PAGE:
Nursing students practice public health in Costa Rica

April 25, 2022
Nursing student Genevieve Casucci with children on a trip to Costa Rica
Nursing student Genevieve Casucci with children on a trip to Costa Rica
Genevieve Casucci shares her stethoscope with a child during her public health trip to Costa Rica this spring.

Fifteen Fitchburg State University nursing students headed to warmer climes for Spring Break, but it wasn’t to go to the beach. Instead, these students were abroad for college credit, engaged in public health programming with local populations in Costa Rica.

For Genevieve Casucci, a junior from Malden, the trip was a long-awaited experience. Casucci had heard from upperclassmen about previous nursing trips to Ghana, but international travel had been curtailed for the past two years because of the COVID-19 pandemic.

“When the email came out that we could go to Costa Rica, I thought, ‘Here it is,’” she recalled. “I went to International Education that same day.”

The Office of International Education sponsors an array of faculty-led study abroad programs, including trips over the spring recess that are affiliated with classes on campus to longer journeys over the summer wherein students live in another country for up to five weeks. 

Casucci recruited fellow students to sign up for the trip, and was grateful for scholarship support that helped cover the cost. She was also appreciative that Fitchburg State had created an opportunity to travel abroad that was embedded in the demands of the nursing curriculum.

In preparation for the 10-day trip to Costa Rica, the students engaged in weekly coursework on public health. While overseas, the students made public presentations in settings including schools and community centers on topics ranging from diet and portion control to mental health. They also conducted screenings for blood sugar and blood pressure as well as administered visual and hearing tests, among other projects.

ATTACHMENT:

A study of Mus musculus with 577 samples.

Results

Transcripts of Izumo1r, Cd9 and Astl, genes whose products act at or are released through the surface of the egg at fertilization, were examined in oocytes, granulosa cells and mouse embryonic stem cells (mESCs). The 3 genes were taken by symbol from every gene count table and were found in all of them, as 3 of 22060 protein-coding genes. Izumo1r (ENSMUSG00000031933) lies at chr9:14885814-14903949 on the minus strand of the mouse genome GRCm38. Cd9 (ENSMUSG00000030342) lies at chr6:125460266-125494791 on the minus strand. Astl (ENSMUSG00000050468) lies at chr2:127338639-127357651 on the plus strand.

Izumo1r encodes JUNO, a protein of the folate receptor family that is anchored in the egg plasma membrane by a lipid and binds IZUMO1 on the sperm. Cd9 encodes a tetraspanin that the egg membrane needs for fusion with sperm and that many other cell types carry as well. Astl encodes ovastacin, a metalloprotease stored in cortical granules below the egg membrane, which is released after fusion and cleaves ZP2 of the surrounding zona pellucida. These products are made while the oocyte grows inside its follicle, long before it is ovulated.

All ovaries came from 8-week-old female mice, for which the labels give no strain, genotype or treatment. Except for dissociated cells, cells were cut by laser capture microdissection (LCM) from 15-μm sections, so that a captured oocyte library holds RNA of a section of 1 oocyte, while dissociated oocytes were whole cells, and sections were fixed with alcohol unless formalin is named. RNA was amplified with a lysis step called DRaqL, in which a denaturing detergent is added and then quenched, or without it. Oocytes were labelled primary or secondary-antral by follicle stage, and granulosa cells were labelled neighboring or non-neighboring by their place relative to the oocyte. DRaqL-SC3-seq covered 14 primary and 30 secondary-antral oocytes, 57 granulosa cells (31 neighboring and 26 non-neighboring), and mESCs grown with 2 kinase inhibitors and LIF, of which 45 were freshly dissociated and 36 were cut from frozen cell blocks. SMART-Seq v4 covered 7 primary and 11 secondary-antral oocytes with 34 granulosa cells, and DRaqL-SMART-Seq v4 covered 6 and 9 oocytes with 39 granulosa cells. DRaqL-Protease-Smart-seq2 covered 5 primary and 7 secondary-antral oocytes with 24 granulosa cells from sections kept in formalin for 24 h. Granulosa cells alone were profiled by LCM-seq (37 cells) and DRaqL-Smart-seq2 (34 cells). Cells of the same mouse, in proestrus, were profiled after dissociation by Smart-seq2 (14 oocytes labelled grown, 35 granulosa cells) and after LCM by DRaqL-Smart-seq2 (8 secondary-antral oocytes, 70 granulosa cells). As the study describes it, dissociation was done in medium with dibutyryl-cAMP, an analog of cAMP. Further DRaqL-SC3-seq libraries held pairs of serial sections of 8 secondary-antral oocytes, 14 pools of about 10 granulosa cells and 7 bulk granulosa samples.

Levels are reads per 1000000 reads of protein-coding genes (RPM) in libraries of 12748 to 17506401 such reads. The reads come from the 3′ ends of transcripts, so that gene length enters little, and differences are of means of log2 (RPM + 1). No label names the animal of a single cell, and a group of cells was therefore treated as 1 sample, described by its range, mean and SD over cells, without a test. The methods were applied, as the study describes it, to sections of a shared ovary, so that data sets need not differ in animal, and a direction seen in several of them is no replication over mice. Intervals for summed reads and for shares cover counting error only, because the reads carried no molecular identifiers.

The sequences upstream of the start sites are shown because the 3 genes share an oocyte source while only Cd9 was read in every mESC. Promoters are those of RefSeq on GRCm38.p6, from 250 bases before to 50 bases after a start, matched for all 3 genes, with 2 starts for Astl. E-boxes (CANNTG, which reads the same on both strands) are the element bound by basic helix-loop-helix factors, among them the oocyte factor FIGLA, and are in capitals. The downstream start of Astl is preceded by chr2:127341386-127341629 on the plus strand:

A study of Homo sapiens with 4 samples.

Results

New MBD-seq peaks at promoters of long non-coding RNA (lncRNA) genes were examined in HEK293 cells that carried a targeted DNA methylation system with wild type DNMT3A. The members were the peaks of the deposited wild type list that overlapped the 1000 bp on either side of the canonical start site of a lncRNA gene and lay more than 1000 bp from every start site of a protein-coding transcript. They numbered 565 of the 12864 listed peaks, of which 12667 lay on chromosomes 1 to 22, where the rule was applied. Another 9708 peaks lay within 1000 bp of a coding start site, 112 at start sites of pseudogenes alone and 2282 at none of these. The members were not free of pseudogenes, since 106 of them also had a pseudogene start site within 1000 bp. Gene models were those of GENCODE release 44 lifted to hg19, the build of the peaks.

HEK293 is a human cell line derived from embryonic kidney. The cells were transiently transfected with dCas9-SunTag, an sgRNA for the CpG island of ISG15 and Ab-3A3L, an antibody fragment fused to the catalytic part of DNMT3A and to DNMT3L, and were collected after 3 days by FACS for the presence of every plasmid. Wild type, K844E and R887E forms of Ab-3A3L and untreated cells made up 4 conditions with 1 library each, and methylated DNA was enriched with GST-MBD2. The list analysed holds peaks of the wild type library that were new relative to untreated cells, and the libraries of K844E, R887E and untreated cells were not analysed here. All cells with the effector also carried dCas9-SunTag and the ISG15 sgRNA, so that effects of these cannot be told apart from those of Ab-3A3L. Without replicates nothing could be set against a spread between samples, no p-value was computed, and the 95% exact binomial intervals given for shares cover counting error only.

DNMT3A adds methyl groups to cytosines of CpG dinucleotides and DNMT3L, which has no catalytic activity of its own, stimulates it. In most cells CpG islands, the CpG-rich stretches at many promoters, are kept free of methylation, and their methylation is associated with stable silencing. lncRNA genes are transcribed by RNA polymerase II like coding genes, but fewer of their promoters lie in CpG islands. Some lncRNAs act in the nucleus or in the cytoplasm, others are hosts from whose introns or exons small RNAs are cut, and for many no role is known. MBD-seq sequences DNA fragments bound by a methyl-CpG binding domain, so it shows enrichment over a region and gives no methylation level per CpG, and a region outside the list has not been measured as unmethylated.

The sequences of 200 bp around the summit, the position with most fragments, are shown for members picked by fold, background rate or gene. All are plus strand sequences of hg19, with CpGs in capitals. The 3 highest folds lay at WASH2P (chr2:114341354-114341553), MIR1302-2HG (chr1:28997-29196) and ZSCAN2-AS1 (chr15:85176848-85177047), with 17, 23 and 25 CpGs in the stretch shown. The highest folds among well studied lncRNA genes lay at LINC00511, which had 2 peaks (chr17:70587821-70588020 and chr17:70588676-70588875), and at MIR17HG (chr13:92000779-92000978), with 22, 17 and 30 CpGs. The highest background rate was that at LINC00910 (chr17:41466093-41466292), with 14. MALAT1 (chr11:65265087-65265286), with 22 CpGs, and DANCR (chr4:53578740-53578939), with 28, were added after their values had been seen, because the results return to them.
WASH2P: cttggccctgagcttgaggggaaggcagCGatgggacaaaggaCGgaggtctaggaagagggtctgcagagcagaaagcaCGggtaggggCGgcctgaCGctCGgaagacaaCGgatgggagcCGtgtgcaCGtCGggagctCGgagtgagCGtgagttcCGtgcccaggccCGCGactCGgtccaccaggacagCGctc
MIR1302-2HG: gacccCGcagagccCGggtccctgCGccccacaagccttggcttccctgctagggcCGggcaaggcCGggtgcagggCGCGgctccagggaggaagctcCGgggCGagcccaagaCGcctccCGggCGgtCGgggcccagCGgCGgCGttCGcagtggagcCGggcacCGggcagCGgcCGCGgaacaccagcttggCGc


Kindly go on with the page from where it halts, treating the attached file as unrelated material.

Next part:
Beyond the public health projects, the students were invited to join the local residents to participate in their ritual traditions.

“We were immersed in these people’s culture,” Casucci said. “They really took us in.”

Students also got to practice their Spanish skills during the journey.

The experience reinforced Casucci’s long-held dreams of being a nurse, which date to her dressing up in scrubs for Halloween as a child. “I always knew I wanted to be a nurse,” said Casucci, who also works as a nursing assistant at Winchester Hospital. “It was definitely my calling. I like the personal connections you can make with people.”

The Global Ambassador Scholarship supports students traveling abroad. The application process for this program opens online in October via Academic Works.